Food and Beverage Packaging In the Clear

Transparency gives bottles and jars a boost as processors push for greater product visibility.

By Kate Bertrand Connolly, Packaging Editor


“A trend that we’re seeing is a lot more transparency in packaging design to cue freshness [and] allow the consumers to see more of the product,” says Lisa Baer, senior director of market innovation at Packaging Technology Integrated Solutions, a division of Havi Global Solutions, Downers Grove, Ill.

In focus groups and other research, “Consumers talk about wanting to see the product, wanting to check it, wanting to trust the ingredients," she adds. "If they can see it, there’s a higher trust factor.”

One of the best recent examples of the transparency trend comes from Morton Salt Inc., Chicago, which recently launched Morton Grinders. The product comes in three varieties — Sea Salt, Black Peppercorn and Roasted Garlic with Sea Salt — and the package is a jar with a built-in grinder.

A full-body shrink label displaying brand and product identification is designed to be removed when consumers are ready to start using the product. A perforated strip running vertically down the back of the label makes discarding it fast and easy.

Sans label, the package is the essence of simplicity: a colorless glass jar with a slim, ergonomic shape. The stylish package provides a 360-degree, top-to-bottom view of the seasonings, which are attractive in their own right. The presentation lets consumers know the brand has nothing to hide.

Topping off the package is an unobtrusive grinder. The grinder fitment is white for the salt product and black for the peppercorn and garlic grinders. In all cases, a round, snap-fit overcap protects the grinder mechanism when not in use.

“As interest in the culinary world continues to grow, and as kitchens become more upscale, we saw an opportunity to offer consumers a more contemporary grinder product that really adds to their culinary experience in their kitchens, and it also adds to their décor,” says Denise Lauer, director of communications and brand strategy at Morton Salt.

“We’re seeing this opportunity to add something into the kitchen that’s both functional and fashionable,” she adds, noting that after the label is removed the “grinder bottles sort of blend into your kitchen décor.”

The Morton name and iconic salt-girl logo are debossed into the overcap, and this is the only branding that remains on the package after the label is removed. “It’s a more subtle brand approach that complements the design of the overall product structure, we believe,” says Lauer.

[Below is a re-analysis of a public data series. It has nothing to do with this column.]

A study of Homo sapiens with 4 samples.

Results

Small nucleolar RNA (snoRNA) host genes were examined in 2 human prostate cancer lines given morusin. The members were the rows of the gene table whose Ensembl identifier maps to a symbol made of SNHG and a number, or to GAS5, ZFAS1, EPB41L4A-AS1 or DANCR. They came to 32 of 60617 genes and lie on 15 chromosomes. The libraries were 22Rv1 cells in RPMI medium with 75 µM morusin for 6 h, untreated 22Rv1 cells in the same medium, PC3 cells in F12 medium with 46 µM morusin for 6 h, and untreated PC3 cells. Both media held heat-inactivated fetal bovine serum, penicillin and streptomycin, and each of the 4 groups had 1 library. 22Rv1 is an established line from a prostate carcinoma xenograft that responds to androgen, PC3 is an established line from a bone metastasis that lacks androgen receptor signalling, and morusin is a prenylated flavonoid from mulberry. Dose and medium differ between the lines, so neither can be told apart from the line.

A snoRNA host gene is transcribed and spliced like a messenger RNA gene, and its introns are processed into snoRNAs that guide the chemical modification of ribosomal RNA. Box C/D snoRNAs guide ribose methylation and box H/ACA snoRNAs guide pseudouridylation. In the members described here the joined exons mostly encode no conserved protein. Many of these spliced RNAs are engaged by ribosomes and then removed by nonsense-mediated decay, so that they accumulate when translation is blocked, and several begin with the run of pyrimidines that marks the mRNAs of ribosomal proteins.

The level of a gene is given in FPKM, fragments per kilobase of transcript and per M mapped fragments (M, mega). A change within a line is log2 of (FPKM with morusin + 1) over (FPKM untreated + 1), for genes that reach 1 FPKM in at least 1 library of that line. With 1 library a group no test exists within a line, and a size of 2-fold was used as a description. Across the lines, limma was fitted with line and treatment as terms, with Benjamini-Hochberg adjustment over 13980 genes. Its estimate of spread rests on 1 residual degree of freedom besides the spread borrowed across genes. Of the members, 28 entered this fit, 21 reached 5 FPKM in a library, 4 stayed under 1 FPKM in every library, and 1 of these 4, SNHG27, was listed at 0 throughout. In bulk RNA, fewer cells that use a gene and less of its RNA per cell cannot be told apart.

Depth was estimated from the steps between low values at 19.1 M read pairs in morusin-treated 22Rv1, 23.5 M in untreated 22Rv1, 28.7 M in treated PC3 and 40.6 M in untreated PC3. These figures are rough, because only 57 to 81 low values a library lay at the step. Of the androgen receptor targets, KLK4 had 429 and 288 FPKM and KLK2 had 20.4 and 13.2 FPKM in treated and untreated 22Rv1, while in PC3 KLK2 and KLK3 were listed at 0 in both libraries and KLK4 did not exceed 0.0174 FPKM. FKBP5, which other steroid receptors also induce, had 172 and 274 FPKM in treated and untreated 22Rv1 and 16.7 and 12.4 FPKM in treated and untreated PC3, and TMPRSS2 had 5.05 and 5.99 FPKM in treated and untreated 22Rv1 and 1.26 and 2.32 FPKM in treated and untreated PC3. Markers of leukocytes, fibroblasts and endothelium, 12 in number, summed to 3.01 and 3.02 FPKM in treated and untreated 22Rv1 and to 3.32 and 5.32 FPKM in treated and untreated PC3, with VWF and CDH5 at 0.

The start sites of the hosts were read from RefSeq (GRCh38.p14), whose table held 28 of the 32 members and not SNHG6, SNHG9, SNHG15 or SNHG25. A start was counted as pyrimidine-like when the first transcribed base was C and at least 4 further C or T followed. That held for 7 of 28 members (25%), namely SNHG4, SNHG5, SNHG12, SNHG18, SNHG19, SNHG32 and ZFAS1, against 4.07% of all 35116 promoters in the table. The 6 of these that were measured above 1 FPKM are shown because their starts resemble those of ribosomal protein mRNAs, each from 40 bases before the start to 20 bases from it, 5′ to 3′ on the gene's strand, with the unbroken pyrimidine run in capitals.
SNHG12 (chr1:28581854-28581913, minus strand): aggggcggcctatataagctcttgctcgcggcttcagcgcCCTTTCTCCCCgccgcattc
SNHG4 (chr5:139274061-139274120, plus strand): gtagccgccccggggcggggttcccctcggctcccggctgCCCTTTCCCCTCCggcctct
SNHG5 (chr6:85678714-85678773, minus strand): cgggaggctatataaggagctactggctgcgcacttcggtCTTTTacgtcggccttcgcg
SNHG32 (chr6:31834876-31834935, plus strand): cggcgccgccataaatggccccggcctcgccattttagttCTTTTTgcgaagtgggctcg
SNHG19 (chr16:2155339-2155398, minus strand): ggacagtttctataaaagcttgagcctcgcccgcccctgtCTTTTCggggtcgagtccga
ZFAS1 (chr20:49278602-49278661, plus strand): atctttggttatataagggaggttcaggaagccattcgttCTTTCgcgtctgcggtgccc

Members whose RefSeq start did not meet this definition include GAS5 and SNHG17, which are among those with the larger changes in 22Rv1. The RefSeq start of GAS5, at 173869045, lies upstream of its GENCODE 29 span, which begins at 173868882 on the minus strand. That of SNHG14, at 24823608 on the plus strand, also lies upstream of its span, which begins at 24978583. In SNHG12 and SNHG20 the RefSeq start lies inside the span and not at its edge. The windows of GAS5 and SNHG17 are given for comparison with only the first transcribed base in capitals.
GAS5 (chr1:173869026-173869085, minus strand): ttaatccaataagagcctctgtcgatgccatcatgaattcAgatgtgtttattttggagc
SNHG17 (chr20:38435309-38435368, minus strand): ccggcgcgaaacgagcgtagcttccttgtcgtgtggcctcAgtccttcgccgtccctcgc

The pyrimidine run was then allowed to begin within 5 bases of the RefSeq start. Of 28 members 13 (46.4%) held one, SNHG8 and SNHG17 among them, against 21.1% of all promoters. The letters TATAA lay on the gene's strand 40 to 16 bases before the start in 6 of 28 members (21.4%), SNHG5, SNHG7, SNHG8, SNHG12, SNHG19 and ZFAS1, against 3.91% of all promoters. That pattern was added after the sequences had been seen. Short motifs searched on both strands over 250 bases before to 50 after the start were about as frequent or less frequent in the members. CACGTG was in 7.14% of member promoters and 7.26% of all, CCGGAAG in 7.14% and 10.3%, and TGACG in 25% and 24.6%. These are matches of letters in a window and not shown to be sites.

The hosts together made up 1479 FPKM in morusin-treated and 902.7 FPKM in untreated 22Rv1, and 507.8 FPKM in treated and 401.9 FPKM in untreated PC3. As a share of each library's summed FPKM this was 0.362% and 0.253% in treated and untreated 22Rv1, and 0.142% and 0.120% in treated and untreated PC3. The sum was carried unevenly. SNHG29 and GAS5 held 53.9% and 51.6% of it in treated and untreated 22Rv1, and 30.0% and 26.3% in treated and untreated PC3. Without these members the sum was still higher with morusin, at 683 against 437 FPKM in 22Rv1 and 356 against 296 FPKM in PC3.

The clarity and weight of the glass jar adds to the premium look and feel of the product; Morton has sold grinder-style packages before, but Morton Grinders are its first made of glass. The package’s transparency also differentiates the offering from other salt packages, including cartons, tubes and even other grinders.

“The Morton salt grinder package embodies [several] of the trends we’re seeing,” notes Baer, including not only transparency but also product/packaging elevation. The latter refers to elevating the experience of a product by using a package that is more than simply functional.

The grinder provides “a great interactive element. This innovative closure that is really a grinder allows consumers to interact with the product in a new way, and the overall structural and graphic design has elevated this to be elegant enough to put on your dinner table [or] on your stove,” Baer explains.

TricorBraun, Oak Brook, Ill., designed the Morton Grinders package structure. Akimbo Group, Chicago, created the package graphics.

‘What you see is what you get’

Beech-Nut Nutrition Co., Amsterdam, N.Y., opted for maximum transparency when developing a package for its new 100% Natural line of baby food.

The category-disrupting glass jar has a rounded bottom and is decorated with a transparent pressure-sensitive label with minimal graphics. Owens-Illinois Inc. (O-I), Perrysburg, Ohio, designed the custom jar.

“The simplest way to describe the new Beech-Nut line is, ‘What you see is what you get,’” says Andy Dahlen, vice president of marketing and sales. “The line is the closest to homemade, using just real, whole fruits and vegetables and nothing else. The clear jar design is symbolic in the sense that we have a transparent approach in everything that we do. I'd describe this new line as simple, real, fresh and flavorful.”